Greece and Turkey Shaken by African Tectonic Retreat

by Ozan Sinoplu

On October 30, 2020, there was a devastating magnitude 7.0 offshore earthquake between Samos Island (Greece) and Izmir (Turkey) . Initial rupture happened between 11- 21 km below the surface of the Earth, and the quake left 118 deaths and multiple collapsed and damaged buildings behind.

Earthquakes are a consequence of the motions of the planet’s tectonic plates. When tectonic plates move around, they interact with others and when two large land masses interact, it results in deformation on both plates. Sometimes this deformation concentrates on the edges, and sometimes it is accompanied by internal deformation of the plates. Ultimately, this deformation generally manifests itself in the form of earthquakes, tsunamis, and volcanism.

The Aegean Region (Eastern Greece and Western Turkey) is one of the most historically rich areas around the world. The area has numerous ancient cities and archeological sites, most of which date back over hundreds of years. In Greek mythology, the area was said to be frequently visited by Poseidon, the Greek god of the sea, earthquakes, and horses. Geologically, this region is one of the most active areas of tectonic movement on the planet, which has resulted in numerous ancient cities being destroyed by earthquakes. Despite this, Aegean civilizations have consistently repaired the damage and continued living there. One cannot keep oneself from wondering; Why not find a better place with fewer earthquakes? The answer might have something to do with nice beaches and good wine, but that’s beyond the scope of this article.

Fig.1:Simplified model of active tectonics in Anatolia.

Frequent tectonic activity in the Aegean region brings lots of natural resources to the area, but it also causes many hazards. As can be seen in Figure 1, the Arabian plate is moving northwards, colliding with the Eurasian Plate and the Anatolian Microplates along the East Anatolian Fault (EAF) and Bitlis-Zagros Collision Zone (BZCZ). This collision forces the Anatolian Plate to escape to the west along the North Anatolian Fault (NAF), causing the West Anatolian Extensional Province (WAEP) to extend to the north and the south.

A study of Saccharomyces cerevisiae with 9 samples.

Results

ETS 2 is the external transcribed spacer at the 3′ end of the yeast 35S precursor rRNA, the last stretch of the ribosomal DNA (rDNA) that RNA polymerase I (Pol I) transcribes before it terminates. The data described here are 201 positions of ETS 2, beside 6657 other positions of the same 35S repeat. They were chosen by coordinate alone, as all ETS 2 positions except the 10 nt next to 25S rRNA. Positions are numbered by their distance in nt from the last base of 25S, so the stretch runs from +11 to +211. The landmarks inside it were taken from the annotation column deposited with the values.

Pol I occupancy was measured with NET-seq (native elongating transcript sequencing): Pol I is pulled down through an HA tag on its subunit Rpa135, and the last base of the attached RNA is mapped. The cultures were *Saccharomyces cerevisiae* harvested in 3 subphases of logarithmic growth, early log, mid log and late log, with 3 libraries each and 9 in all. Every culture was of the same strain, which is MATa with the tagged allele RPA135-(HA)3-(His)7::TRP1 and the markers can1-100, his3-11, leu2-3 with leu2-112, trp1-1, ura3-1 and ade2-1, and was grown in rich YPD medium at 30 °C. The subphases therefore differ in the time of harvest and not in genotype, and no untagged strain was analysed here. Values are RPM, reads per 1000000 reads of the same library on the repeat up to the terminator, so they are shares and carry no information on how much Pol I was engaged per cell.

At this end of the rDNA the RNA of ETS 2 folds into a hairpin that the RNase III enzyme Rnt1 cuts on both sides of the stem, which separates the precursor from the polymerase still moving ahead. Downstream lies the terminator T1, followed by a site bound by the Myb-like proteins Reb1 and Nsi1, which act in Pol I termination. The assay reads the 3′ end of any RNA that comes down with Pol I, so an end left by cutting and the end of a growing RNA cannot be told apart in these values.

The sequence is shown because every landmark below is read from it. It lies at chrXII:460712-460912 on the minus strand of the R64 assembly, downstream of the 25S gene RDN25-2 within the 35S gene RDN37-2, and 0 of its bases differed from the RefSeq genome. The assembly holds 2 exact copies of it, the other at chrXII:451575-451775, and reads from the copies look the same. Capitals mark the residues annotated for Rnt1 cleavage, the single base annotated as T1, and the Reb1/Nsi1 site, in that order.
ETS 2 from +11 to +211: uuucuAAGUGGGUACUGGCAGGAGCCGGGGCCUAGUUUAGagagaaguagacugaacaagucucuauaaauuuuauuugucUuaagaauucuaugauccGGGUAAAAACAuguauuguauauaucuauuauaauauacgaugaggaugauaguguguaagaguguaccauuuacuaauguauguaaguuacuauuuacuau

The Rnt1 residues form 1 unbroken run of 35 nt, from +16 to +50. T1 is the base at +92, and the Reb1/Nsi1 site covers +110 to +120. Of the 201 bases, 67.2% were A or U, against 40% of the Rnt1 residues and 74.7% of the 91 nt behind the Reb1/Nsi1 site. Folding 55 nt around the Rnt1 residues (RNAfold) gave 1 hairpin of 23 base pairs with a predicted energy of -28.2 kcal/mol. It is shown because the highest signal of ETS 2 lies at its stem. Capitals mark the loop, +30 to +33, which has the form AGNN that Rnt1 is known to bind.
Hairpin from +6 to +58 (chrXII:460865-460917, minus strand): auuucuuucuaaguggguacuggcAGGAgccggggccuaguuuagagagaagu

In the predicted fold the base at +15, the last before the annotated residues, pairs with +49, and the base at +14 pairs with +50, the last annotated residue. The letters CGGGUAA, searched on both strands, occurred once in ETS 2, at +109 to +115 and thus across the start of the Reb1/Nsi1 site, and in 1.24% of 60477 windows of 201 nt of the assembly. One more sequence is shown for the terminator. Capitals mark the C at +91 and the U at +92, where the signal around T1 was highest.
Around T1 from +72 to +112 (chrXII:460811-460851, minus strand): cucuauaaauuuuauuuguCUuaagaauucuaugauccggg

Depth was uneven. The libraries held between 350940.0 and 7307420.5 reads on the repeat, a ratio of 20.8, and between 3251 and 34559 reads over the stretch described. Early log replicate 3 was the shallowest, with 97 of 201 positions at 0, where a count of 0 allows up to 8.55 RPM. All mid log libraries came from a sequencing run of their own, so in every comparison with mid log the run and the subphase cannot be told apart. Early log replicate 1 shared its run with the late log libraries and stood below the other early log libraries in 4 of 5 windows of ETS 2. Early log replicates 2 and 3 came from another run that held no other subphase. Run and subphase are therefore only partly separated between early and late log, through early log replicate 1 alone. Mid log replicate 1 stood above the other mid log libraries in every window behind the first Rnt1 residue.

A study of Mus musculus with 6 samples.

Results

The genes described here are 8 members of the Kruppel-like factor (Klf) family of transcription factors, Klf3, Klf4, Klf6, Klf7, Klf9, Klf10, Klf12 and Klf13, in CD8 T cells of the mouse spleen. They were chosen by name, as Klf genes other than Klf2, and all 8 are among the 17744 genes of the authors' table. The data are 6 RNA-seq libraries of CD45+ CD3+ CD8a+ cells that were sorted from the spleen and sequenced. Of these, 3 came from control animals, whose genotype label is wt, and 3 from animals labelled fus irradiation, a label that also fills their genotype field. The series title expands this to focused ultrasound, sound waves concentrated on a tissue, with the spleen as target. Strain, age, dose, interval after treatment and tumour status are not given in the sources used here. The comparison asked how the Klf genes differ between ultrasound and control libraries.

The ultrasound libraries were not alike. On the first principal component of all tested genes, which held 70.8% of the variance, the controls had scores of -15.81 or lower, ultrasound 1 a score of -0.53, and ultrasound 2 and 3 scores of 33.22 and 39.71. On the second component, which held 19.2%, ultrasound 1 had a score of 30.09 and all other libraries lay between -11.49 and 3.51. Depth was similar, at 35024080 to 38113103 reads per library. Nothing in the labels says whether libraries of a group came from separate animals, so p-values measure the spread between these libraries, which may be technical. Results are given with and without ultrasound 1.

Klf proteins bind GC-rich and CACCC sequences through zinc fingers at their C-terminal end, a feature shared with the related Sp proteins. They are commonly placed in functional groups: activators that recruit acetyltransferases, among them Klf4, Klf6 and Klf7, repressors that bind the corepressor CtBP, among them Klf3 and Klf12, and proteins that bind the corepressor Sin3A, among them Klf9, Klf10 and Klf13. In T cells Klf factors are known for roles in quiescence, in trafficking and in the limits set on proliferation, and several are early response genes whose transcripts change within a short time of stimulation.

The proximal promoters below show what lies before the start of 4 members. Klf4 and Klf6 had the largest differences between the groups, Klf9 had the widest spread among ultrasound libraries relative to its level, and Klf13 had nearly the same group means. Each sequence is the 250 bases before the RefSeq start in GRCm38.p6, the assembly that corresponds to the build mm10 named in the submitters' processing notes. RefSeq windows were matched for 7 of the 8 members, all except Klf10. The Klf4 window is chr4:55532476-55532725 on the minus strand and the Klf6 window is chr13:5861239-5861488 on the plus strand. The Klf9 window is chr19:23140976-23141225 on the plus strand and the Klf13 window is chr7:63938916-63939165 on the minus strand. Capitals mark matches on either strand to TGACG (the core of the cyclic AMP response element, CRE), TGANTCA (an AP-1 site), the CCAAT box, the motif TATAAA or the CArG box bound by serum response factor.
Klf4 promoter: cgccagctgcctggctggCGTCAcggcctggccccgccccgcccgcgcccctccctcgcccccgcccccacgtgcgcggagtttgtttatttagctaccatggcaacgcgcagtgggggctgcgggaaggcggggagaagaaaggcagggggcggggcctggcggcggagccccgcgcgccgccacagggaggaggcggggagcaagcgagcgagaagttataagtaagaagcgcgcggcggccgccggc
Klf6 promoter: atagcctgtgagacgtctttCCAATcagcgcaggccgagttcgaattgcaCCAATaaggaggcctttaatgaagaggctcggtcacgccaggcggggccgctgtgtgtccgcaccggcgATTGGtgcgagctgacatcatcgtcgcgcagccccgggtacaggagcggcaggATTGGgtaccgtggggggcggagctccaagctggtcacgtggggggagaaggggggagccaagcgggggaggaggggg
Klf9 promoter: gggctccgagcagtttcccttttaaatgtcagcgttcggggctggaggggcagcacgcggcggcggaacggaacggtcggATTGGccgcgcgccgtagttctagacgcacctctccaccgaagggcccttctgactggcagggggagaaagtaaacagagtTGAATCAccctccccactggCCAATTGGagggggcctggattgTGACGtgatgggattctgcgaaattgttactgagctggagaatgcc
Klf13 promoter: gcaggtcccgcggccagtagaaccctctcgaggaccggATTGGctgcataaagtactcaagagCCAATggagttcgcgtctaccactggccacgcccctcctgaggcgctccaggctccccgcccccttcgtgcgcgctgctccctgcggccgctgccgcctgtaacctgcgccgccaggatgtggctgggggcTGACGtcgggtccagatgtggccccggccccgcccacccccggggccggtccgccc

This tectonic action in the region results in intense earthquake activity and a volcanic belt known as the South Aegean Volcanic Arc , which includes some historically active volcanoes, such as Methana volcano at the western edge of the volcanic arc, Milos and Santorini volcanos in the central part, and Nisyros and Kos at the eastern edge near the Turkish coast (Fig. 2). Volcanoes in this arc have caused some of the most tremendous and significant catastrophes in human history.

Fig 2: Panel A: Map of the Aegean area. October 30, 2020 Samos Earthquake epicenter is shown with the star. Panel B: A picture from Izmir after the earthquake.

A large number of ancient cites were built close to the aforementioned active fault zones and destroyed by strong historical earthquakes. For instance, the city of Priene (Fig. 2), one of the earliest Ionian settlements within the western Büyük Menderes Graben, was destroyed by an earthquake in 350 BCE and rebuilt 8 km away. The ancient city of Ephesus (Fig. 2), a Greek city on the coast of Ionia, was built in the 10th century BCE and destroyed by earthquakes several times, with the most recent destruction occurring in 17 CE.

Having a rich tectonic history and active tectonism results in many natural resources and landscape beauties. However, these resources come with a hazardous price. It is crucial to understand how nature works in order to mitigate these hazards and create a safe living environment for people. Readers who are interested in learning more about the topic are referred to our paper on Nature-Scientific Reports (Meng et al., 2021*).

Disclaimer: The views and opinions in this work are those of the author and do not necessarily reflect the views of Auburn University.